January 7, 2005:
The debate surrounding compost tea used to linger solely around
its effectiveness in controlling plant fungal diseases and other
pathogenic systems -- that was until reports of compost teas contaminated
with E. coli starting emerging. Focus quickly shifted from
efficacy to safety. Concerns that tea usage could lead to bacterial
contamination of food crops caused such an outcry within the organic
community that the National Organic Standards Board (NOSB) created
a Compost Tea Task Force and a slew of research experiments were
set up to investigate the situation.
In April of 2004, the Compost Tea Task Force released its recommendations—which
included using potable water, sanitizing equipment and brewing areas
and following additional guidelines when using additives such as
molasses—without much available science to go on. Now newly
published research is emerging and at least initial studies are
backing the committee’s common sense approach.
One such study, conducted at the Woods End Research Laboratory
in Mt. Vernon, Maine, and titled, “Compost Teas: Microbial
Hygiene and Quality in Relation to Method of Preparation,”
was published in the summer 2004 edition of Biodynamics. Dr. William
Brinton and team set out to determine the potential health risks
of compost tea by recording the bacterial levels of several preparation
methods. The methods studied were commercial compost tea kits, commercial
kits in which farm-made compost was substituted for purchased materials
and a European method in which homemade compost is steeped in water
and lightly stirred for several days. The results showed that after
24 hours of aeration and 36 additional hours of steeping none of
the preparation methods tested positive for E. coli provided
the ingredients were not contaminated prior to mixing. The researchers
found that small amounts of E. coli in the tea will actually
decrease to the point of extinction in 72-120 hours.
The results of the study lead researchers to conclude that hygiene
is the greatest threat facing compost teas. When teas were produced
with bacteria-free water and compost in a laboratory setting, E.
coli was virtually undetectable. On the other hand, when E.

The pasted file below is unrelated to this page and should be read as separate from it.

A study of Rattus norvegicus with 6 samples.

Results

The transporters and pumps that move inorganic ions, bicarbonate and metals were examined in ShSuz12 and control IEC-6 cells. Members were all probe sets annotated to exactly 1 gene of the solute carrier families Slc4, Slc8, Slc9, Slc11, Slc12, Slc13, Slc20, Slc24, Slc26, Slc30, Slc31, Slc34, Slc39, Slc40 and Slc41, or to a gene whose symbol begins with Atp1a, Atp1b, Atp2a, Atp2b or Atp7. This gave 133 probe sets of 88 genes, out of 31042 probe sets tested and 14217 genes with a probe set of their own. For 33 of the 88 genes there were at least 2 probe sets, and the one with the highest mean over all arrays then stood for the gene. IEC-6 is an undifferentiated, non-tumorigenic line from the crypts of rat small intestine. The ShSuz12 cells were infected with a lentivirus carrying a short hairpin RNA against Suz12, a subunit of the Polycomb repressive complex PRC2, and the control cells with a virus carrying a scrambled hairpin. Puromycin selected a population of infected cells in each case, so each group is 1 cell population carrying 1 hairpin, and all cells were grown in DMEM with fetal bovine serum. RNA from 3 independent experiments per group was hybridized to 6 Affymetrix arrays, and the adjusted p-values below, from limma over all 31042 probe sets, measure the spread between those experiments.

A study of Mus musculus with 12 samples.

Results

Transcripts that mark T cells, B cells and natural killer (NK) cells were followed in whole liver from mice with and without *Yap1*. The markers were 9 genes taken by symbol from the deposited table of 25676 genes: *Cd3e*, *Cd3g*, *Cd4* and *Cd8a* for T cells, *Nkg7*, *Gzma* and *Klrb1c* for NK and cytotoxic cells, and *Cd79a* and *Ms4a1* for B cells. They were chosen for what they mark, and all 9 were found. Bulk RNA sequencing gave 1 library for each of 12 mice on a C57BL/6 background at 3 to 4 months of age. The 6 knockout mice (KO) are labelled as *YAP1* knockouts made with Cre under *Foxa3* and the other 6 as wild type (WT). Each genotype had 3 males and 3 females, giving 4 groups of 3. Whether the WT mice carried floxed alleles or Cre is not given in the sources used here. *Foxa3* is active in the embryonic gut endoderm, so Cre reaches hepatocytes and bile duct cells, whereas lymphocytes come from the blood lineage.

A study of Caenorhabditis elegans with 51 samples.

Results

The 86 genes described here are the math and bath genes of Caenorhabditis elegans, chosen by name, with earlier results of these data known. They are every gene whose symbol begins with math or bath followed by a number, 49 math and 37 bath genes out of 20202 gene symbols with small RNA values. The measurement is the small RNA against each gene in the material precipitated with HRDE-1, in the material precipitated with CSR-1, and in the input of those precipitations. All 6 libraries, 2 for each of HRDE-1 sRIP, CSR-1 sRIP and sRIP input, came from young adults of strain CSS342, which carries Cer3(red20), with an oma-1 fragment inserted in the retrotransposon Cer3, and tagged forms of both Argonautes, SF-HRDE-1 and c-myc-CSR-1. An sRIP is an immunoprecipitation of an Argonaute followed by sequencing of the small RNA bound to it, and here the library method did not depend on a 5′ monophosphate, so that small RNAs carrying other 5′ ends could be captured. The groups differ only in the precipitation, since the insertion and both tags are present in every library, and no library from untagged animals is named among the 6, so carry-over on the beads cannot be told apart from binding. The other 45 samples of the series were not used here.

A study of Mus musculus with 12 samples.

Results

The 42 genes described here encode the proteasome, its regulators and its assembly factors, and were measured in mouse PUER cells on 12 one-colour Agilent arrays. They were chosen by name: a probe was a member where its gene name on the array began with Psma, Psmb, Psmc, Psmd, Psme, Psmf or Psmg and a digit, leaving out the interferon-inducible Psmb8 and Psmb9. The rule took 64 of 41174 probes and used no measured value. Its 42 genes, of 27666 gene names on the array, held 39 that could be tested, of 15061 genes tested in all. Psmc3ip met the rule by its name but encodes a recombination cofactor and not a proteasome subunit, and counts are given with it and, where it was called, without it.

coli was present in the compost or water at the time of brewing,
the process served as an incubator and bacteria levels grew rapidly.
In order to reduce the risk of bacterial contamination researchers
stressed the importance of clean handling techniques including washing
tools and storing brews in areas protected from outside contamination
and using composts that have been tested for E. coli.
Although supplemental tea materials were not the focus of the study,
researchers also found support for the cautious approach taken by
the task force with regard to the use of additives, especially molasses,
in compost teas. Based on the findings that showed the European-style
teas to actually inhibit the growth of E. coli over time,
researchers hypothesized that the lack of available carbon (provided
by the molasses) and the absence of active aeration may have created
an inhospitable environment for E. coli and hindered replication.
Researchers recommended avoiding teas made with a brew time of
24 hours or less and those using molasses additives, determining
that these popular brews may in fact be among the least safe and—according
to previous research*—least effective methods of producing
In October, the NOSB voted to accept the recommendations of the
Compost Tea Task Force and is now working to merge the April report
with its previously established guidelines on Compost Tea.
*Weitzien, H.C. 1963. Untersuchengen über die Uraschen der
keimhemmung von Pilzsporen im Boden. Zbl. Bakt. Parasit. Infekt.